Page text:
Currently a member of the Inter-American Court of Human Rights —and elected president of that court for the 2010-2014 period— Garcia-Sayan said he made the decision due to a lack of support from Peru’s government.
“Knowing that the necessary conditions are not being provided, due to a lack of political support from the Foreign Relations ministry, I have decided to withdraw my candidacy,” Garcia Sayan said. “I’ve decided not to waste time with these conditions.”
Late Tuesday, Foreign Relations minister Gonzalo Gutierrez said he regretted the jurist’s decision and that, on the contrary, his ministry had given firm support to Garcia-Sayan’s candidacy and he had personally contacted 17 Foreign Relations ministers and instructed Peruvian ambassadors across the continent to support the effort.
Gutierrez had met with Garcia-Sayan on August 14 and proposed that he run for the secretary general position of the Washington D.C.-based OAS. Peru’s government registered his candidacy two days after the meeting, Peru.21 reported. At the time, Gutierrez said that a detailed analysis had been made of several candidates, and that what had determined the choice of Garcia-Sayan was his proven record in the ICHR and in a number of inter-American missions.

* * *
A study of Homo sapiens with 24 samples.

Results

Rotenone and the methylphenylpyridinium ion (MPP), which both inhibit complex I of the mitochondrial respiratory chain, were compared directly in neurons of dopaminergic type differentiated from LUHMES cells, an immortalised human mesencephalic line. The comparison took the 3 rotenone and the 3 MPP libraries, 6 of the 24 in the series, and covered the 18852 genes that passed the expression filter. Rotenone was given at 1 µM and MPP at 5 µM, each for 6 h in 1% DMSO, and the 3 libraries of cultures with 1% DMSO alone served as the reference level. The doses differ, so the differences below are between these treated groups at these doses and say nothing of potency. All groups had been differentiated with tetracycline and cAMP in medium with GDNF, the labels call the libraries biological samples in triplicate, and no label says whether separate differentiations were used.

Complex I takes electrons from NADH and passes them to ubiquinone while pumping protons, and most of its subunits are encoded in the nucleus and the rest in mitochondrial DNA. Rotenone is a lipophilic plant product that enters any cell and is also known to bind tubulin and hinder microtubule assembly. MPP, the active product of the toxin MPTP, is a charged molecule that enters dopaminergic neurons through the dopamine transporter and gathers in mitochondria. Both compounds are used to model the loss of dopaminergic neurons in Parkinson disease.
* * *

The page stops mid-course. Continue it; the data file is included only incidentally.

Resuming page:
Garcia-Sayan said that he has not received support from the government to help explain his position to other Latin American nations, including during a Sept. 25 meeting with Foreign Affairs ministers from the Caribbean.
He said he did have support from various countries, but they were waiting for public backing from President Ollanta Humala’s administration.
“The government had to give a public announcement supporting my candidacy,” he said.
Garcia-Sayan said he hasn’t had contact with the Foreign Affairs Minister for over a week and a half, and that the minister had proposed that he instead take on a position as adviser to Peru’s mission to the OAS.
“You step into the big leagues and then you find out that you’re playing neighborhood soccer,” Garcia-Sayan said. “That is why I’m pulling out.”
Although jurists and politicans from several parties in Peru had approved the choice of Garcia-Sayan, opposition came from the press and opposition politicians who questioned the choice and instead promoted Allan Wagner, a former Foreign Relations minister and most recently head of the Peruvian legal team that successfully defended the Peruvian maritime border case in The Hague.
Criticism of Garcia-Sayan is sharp among press and politicians who defend former President Alberto Fujimori and other authorities charged with human rights abuses, branding him as the defender of terrorists.
But Garcia-Sayan brushes off the attacks. “Coming from where they do, I’ve always taken them as condecorations.”